Irreechaa Arfaasaa is a day of thanksgiving at the end of dry seasons and beginning of rainy season every year at the top of hills or mountains to acquire and celebrate good spirit. For this event, the Oromos usually go to the mountain during the time of their worshiping rituals, or during Irreessaa celebration.
Traditionally, Oromos hold two seasonal Irreecha festivals at national level:
1) one is held at the end of September (or beginning of October) at the start of the sunny season and the end of the rainy season (i.e. during the harvest season, thus it’s called ‘Thanksgiving’ festival). This seasonal Irreecha is most known to Oromos and friends of the Oromo throughout the world. This Irreecha is called Irreecha Birraa.
2) The other Irreecha festival is held on the onset of the rainy season (i.e. during the sowing season). The sowing season’s Irreecha celebration is held to pray to Waaqaa to bring about Good Spirit with rain and efforts; after all, farmers spread their seeds on the ground with the only assurance that Waaqaa is on their side to turn the seeds into bountiful crops at the end of the rainy season. This Irreecha is called Irreecha Arfaasaa.
The month of May is the height of the sowing season in Oromia, and it’s during this month that Irreecha Arfaasaa (‘Oromo Festival of Good Spirit’) is held in Oromia among the Oromo people. The following are video clips from this year’s Irreecha Arfaasaa celebrations in Oromia.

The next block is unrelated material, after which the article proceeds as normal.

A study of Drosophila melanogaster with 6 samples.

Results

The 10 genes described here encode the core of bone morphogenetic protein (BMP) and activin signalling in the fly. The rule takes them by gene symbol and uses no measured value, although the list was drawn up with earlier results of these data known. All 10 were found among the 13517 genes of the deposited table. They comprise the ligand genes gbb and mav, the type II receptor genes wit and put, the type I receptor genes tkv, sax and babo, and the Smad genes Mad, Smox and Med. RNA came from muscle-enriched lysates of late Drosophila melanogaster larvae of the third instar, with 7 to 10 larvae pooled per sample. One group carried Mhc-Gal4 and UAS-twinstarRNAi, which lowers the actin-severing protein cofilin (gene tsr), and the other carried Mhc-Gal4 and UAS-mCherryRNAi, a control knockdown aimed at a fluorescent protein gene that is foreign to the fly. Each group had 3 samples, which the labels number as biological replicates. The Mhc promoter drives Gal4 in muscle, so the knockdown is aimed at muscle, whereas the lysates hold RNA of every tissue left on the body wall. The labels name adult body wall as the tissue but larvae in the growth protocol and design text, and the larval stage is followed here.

The Oromo people celebrate Irreechaa Arfaasaa not only to thank Waaqaa (God) but also to welcome the new rainy winter season associated with nature and creature. On Irreechaa festivals, friends, family, and relatives gather together and celebrate with joy and happiness. Irreechaa festivals bring people closer to each other and make social bonds.
Moreover, the Oromo people celebrate this auspicious winter event to mark the end of dry season, known as Bonaa, and to welcome the dry seasons. It was established by Oromo forefathers, in the time of Gadaa Melbaa in Mormor, Oromia. The auspicious day on which this last Mormor Day of Gadaa Belbaa — the Dark Time of starvation and hunger- was established on the 1st Sunday of last week of May or the 1st Sunday of the 1st week of June according to the Gadaa lunar calendar has been designated as the second winter Thanksgiving Day by modern-day Oromo people.